Over the years I have heard more nonsense about mental illness and spirituality than any other topic I can think of, and I have heard that nonsense from every imaginable corner – clinicians, pastors, spiritual teachers, folks with mental illness, and people who have absolutely no background or qualifications to be offering an informed opinion on the issue. I have heard so-called experts who are not physicians offer opinions on the advisability of taking medications vis-a-vis the spiritual journey that are based on a pre-scientific world view that does not distinguish between intoxicants and psychotropic medications.
In 1991 I began having panic attacks as I was starting to address issues of abuse in my childhood. This was a time when Prozac and Paxil – medications known as SSRI, or selective serotonin reuptake inhibitors – were relatively new to the market. The only medications other than Prozac and Paxil to treat depression were the older tricyclic antidepressants. Benzodiazepines such as Valium were available to treat panic attacks, but as a long-term strategy they can be problematic. I was prescribed low doses of Prozac starting at 5 mg. Since at that time the smallest capsules available were 20 mg, I had to open them up and mix them with water. The solution tasted a lot like sucking on an uncoated aspirin tablet, but my panic attacks were so bad that I was willing to try anything. Each week we increased the dose by 1 mg until we got to 10 mg. After a few weeks not only were my panic attacks subsiding, but I noticed that it was as if a dark cloud was lifting from my psyche. I started to wonder if I had been depressed for most, if not all, of my life. I didn’t have to wonder for long, and I was soon being treated for major depression, as well as Post Traumatic Stress Disorder, that resulted from my abuse history.
I am one of the lucky ones who responds well to treatment. As an aside, my panic attacks were eventually resolved through hypnotherapy – something I never believed in until it worked for me. Since I began treatment in 1991, I have had only two relapses of my depression and none at all since I began meditating in earnest in 2000. I still take medication because when we have attempted to taper the medication down my sleep becomes quite disrupted. I most likely will take medication for the rest of my life, and I am perfectly fine with that reality because I lived for so very long with the alternative. In the ten years that I worked in the mental health field I heard every excuse in the book for not taking medications, and I am here to tell you every last one of them is a fiction.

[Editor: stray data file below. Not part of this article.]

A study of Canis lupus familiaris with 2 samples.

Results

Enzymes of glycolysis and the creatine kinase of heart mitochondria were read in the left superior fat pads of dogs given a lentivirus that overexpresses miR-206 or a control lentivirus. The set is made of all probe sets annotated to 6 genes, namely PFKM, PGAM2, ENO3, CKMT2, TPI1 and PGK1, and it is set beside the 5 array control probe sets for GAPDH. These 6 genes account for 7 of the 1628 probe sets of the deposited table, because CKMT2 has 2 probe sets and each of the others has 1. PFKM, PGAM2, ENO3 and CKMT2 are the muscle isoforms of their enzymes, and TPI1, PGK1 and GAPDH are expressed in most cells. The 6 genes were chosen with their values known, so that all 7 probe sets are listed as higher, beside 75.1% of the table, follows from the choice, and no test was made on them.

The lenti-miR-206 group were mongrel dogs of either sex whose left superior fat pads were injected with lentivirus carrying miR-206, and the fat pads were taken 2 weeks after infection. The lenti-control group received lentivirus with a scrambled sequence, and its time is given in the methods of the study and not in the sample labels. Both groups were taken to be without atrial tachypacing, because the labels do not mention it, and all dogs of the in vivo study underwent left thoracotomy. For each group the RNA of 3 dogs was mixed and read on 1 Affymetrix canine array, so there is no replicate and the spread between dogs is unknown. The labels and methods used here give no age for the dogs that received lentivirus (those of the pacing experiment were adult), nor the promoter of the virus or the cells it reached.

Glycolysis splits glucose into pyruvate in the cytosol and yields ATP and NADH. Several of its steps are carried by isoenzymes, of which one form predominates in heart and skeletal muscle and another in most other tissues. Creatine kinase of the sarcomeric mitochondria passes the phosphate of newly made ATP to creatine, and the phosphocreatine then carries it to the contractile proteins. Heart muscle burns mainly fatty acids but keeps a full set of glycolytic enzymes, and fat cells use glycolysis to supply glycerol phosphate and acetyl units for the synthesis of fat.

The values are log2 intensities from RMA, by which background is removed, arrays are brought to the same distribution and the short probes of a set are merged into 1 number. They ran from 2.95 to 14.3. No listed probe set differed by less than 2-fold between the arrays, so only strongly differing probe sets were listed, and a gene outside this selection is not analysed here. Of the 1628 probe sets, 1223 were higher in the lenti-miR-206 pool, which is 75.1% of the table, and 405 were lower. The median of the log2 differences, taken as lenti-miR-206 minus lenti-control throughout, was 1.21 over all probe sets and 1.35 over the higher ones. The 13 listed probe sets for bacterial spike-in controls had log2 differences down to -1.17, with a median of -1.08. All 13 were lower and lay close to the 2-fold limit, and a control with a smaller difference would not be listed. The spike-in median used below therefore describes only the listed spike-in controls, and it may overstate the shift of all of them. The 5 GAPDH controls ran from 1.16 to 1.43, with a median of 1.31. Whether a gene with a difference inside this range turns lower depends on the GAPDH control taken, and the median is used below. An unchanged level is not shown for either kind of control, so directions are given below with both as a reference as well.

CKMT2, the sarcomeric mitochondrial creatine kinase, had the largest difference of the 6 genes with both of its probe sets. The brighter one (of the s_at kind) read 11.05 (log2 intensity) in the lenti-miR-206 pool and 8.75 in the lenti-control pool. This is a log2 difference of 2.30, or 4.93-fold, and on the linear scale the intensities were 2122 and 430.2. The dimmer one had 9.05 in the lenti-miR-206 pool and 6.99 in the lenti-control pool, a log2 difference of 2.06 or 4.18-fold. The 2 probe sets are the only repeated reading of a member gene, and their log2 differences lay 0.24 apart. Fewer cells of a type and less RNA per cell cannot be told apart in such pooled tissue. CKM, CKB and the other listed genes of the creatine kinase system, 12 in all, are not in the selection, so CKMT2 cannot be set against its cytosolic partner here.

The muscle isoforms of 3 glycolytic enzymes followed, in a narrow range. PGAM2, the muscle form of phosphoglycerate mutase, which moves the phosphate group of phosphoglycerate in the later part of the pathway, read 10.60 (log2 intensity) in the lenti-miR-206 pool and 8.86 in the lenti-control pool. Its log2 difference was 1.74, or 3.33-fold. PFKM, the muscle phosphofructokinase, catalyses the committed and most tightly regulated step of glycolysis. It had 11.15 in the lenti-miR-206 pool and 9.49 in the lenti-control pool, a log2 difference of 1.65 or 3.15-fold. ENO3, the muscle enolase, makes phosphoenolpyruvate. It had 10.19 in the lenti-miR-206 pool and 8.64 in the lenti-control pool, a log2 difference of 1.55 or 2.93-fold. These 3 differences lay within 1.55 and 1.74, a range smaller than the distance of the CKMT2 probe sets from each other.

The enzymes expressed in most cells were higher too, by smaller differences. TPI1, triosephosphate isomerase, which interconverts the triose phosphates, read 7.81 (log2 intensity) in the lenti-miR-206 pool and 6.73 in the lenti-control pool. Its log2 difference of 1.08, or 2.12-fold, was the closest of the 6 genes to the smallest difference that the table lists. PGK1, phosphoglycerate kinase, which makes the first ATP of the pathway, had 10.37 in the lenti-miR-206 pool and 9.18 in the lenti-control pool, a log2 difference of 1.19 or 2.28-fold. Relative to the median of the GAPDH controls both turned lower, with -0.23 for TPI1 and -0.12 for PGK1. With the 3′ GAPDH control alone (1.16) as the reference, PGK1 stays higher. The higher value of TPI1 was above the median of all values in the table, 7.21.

The most common arguments against the use of psychotropic medications (in terms of their not being advisable for spiritual reasons) are (1) that raw feelings are grist for the spiritual mill and (2) that medications make you “not yourself.” I can tell you from personal experience that the person I was before I received treatment was not the real me, and that the way I felt prior to starting treatment was hopeless, helpless, and worthless – and my panic attacks caused waves of fear, dread, and imminent death. Those feelings aren’t grist for the spiritual mill, they caused me to be suicidal. The sad truth is that I have never heard anyone who has a mental illness make the kind of absurd and irresponsible claims about spirituality and mental illness those who have no background or qualifications make with astonishing regularity.
Of course, there is more to mental illness than depression and panic. With any kind of mental illness there remains in our culture a fair amount of stigma rooted in ignorance. While I have never hidden the fact that I take anti-depressant medication, I have never emphasized it in my spiritual teaching, either. It certainly isn’t the biggest part of my identity – in fact, I seldom think about it – and so there didn’t seem to be much point in talking about it intentionally, especially in the early days of my ministry when I was trying to establish myself. I am beginning to feel differently. It’s absurd that we still have stigma surrounding mental illness, especially given that 15% of Americans will require treatment for major depression at some time in their lives and 50% of Americans have a mental illness of some type. Why is there a stigma around something that one of two people have? The answer is that we don’t talk about it, and so very few people realize how common mental illness is or how well people with mental illness can function.
With this post, I am starting to talk very intentionally. Watch for updates about support programs I will be developing around spirituality and mental health, and please feel free to participate. There is nothing to be ashamed of, and everything to gain by sharing our experiences. With your help, we can start to erase the stigma and end discrimination against our brothers and sisters with mental illness.